Human cost of Australia's ransomware attacks soars

Friday, 11 November, 2022

Human cost of Australia's ransomware attacks soars

More than half of Australian cybersecurity professionals would feel personally responsible for a ransomware attack, with 3 out of 10 considering leaving their job in the next two years due to stress or burnout, according to new data.

Mimecast’s ‘State of Ransomware Readiness 2022’ report indicates the cost to businesses is rising, with 20% of organisations saying the cost of an attack has reached between $50,000 and $100,000.

“Compounded by Australia’s cyber skills shortage and the number of cyber attacks occurring on our shores, it’s no wonder cybersecurity professionals are facing increasing stress and burnout,” said APAC Chief CTO at Mimecast, Garrett O’Hara.

The human impact of ransomware in Australia

It seems many professionals are reaching their breaking point, with 34% considering leaving their role in the next two years due to stress or burnout. is a global organisation working to improve the mental health of cyber professionals. The company’s founder Peter Coroneos says the numbers are telling.

“These numbers validate what we are seeing globally as we talk to CISOs about the stresses of working in cyber. The factors that drive stress and burnout are well understood within cyber but poorly appreciated outside of it, largely because much of the work is unseen — that is, until a breach occurs, then invariably the cyber team is called to account.

“It’s an unforgiving, thankless role and one where mental health support has become a critical piece of sustaining our defenders. Our shared challenge is how quickly we can bring relief and restoration before more of our peers succumb to the pressure,” he said.

Mimecast’s 2023 State of Ransomware Readiness key findings of the human impact for Australian businesses include:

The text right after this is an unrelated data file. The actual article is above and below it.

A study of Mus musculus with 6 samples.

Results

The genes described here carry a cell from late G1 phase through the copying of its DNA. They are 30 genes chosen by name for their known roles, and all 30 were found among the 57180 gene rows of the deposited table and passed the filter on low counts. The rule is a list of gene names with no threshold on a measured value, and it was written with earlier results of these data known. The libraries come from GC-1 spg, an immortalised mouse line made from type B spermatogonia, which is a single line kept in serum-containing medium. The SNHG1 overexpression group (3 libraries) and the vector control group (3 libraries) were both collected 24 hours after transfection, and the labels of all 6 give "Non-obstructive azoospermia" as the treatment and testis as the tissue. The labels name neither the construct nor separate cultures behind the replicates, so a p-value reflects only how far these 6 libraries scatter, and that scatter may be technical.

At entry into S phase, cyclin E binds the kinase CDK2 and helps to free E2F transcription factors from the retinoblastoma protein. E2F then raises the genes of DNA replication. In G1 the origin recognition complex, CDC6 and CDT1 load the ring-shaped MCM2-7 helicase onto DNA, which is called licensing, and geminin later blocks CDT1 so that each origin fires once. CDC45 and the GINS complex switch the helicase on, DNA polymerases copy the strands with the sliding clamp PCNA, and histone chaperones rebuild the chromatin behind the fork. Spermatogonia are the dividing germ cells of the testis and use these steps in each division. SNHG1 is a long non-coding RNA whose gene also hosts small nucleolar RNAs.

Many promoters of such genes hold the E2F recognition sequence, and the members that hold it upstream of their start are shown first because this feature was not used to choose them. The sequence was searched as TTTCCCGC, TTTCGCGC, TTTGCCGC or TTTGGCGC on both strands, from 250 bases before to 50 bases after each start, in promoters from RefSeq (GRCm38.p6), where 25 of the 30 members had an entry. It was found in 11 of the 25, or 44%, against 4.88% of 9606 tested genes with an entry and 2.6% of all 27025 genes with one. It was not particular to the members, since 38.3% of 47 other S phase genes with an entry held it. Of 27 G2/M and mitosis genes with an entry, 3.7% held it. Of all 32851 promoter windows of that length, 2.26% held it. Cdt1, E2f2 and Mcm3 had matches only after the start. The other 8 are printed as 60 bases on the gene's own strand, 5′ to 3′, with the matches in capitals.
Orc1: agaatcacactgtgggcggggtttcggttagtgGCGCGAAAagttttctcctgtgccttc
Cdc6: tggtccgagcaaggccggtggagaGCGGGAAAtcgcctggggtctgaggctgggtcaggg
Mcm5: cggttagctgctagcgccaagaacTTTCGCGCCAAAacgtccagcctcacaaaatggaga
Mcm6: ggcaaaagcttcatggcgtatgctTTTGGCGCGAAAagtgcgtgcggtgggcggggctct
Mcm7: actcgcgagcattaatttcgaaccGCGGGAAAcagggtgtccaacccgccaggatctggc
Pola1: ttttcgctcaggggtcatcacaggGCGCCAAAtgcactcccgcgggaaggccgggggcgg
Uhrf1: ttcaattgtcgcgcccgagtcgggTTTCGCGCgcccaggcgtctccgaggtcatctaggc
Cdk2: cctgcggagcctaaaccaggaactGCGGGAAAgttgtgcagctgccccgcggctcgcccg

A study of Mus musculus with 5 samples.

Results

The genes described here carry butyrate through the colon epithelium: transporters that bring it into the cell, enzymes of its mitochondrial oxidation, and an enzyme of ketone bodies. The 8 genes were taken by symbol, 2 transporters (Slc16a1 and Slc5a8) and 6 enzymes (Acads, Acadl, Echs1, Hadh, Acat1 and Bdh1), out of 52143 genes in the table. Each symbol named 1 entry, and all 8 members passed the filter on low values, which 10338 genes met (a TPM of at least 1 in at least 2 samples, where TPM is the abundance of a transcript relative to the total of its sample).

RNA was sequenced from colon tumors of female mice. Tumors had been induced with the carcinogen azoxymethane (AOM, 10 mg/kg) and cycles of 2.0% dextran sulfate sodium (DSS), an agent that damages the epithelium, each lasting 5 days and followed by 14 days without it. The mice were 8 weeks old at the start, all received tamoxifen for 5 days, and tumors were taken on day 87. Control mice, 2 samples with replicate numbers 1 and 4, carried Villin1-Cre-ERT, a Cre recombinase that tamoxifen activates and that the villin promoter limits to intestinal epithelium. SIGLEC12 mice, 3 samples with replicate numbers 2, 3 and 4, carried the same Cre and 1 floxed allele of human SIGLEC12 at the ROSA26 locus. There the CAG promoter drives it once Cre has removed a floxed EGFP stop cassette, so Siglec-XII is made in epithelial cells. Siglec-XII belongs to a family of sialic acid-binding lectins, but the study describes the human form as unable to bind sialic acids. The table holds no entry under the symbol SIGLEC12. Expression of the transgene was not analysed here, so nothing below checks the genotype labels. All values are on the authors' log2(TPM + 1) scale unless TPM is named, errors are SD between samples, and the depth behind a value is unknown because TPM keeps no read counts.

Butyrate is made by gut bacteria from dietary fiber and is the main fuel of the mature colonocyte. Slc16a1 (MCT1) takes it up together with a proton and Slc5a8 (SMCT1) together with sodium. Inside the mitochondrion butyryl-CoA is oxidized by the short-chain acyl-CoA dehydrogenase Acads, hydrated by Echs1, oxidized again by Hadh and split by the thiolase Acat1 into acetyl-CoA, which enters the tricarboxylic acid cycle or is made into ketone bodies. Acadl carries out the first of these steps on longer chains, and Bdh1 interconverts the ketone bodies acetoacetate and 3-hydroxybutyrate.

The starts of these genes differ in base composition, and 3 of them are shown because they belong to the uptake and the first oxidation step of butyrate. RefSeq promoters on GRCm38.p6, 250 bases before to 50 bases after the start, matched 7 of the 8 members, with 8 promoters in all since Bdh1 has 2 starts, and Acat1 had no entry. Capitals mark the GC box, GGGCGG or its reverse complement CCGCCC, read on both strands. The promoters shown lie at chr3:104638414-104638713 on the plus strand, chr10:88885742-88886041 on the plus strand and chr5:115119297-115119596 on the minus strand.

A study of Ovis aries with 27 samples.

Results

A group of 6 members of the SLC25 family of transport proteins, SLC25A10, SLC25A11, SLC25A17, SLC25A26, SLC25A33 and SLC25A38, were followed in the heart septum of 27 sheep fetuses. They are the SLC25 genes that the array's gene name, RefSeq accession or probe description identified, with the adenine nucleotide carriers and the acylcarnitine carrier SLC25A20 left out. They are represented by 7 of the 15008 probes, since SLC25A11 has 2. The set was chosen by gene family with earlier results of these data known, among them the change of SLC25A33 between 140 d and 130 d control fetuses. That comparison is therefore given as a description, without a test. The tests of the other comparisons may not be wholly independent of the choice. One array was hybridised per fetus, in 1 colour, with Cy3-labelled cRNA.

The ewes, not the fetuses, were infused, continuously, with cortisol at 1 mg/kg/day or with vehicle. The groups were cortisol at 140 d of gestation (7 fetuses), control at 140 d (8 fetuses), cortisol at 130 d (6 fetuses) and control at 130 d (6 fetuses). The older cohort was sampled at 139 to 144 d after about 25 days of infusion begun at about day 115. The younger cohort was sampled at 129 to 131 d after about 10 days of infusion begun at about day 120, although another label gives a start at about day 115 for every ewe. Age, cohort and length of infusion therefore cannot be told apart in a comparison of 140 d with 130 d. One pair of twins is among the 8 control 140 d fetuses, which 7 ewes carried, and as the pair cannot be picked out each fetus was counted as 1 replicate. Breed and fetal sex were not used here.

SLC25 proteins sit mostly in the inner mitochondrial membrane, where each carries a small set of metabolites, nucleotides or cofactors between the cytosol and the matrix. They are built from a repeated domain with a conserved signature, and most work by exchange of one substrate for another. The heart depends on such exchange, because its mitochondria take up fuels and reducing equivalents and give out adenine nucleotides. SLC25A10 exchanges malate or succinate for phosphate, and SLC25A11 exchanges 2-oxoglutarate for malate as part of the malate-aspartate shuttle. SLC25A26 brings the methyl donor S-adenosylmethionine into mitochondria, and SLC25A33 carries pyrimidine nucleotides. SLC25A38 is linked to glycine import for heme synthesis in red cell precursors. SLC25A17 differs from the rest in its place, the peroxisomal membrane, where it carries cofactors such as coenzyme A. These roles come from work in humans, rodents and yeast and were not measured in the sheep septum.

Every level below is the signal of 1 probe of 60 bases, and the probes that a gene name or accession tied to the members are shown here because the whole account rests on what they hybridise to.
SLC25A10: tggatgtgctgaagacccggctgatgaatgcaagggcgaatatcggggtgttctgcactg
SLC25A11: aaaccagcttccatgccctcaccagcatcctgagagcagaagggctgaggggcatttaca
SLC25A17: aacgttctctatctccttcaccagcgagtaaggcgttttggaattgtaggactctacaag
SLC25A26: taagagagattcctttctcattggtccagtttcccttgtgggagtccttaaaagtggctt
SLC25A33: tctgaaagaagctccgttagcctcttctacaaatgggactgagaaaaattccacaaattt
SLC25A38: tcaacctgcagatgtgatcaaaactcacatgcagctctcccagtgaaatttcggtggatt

• 31% experienced an increased number of absences due to burnout following an attack.
  • 57% (versus 55% globally) think cyber attacks will bring down part of the critical national infrastructure in their country (eg, utilities, banks, transport, etc) in the next two years.
  • 57% would feel very personally responsible in the event of a ransomware attack, up from 54% last year.
  • 46% of respondents believe the most effective measure to reduce ransomware attacks is to train employees on how to recognise email threats. This highlights the need for company-wide awareness and accountability.

The enterprise impact of ransomware in Australia

While the human toll on cyber professionals in Australia is rising, it’s also impacting enterprises at a higher rate than ever before. The 2022 survey found 40% of organisations are experiencing significant downtime because of ransomware attacks, up from 33% last year.

The number of organisations that have experienced a loss in revenue due to a ransomware attack in the last 12 months is now 41% of those surveyed, with 20% suggesting the cost of an attack (including ransom payment, systems recovery, additional security, additional staff, etc) was in the region of $50,000 to $99,999. For 13% of surveyed organisations, that number was between one and two million dollars.  One in five (20%) of surveyed businesses had been asked to pay between $500,000 and $999,999 for the return of information.

The report also asked how long it would take for businesses to recover from a ransomware attack. Thirty per cent of respondents said it would take one or two  days to return to business as usual. A third (33%) of respondents said they could only withhold for two to five days before sustaining significant financial loss and reputational damage.

More than half (53%) are concerned that their cyber insurance will refuse to pay out for ransoms in the future. This shows that insurance is not the safety net everyone thinks it is — given the recent ruling around Lloyd’s in the UK and Chubb in Australia.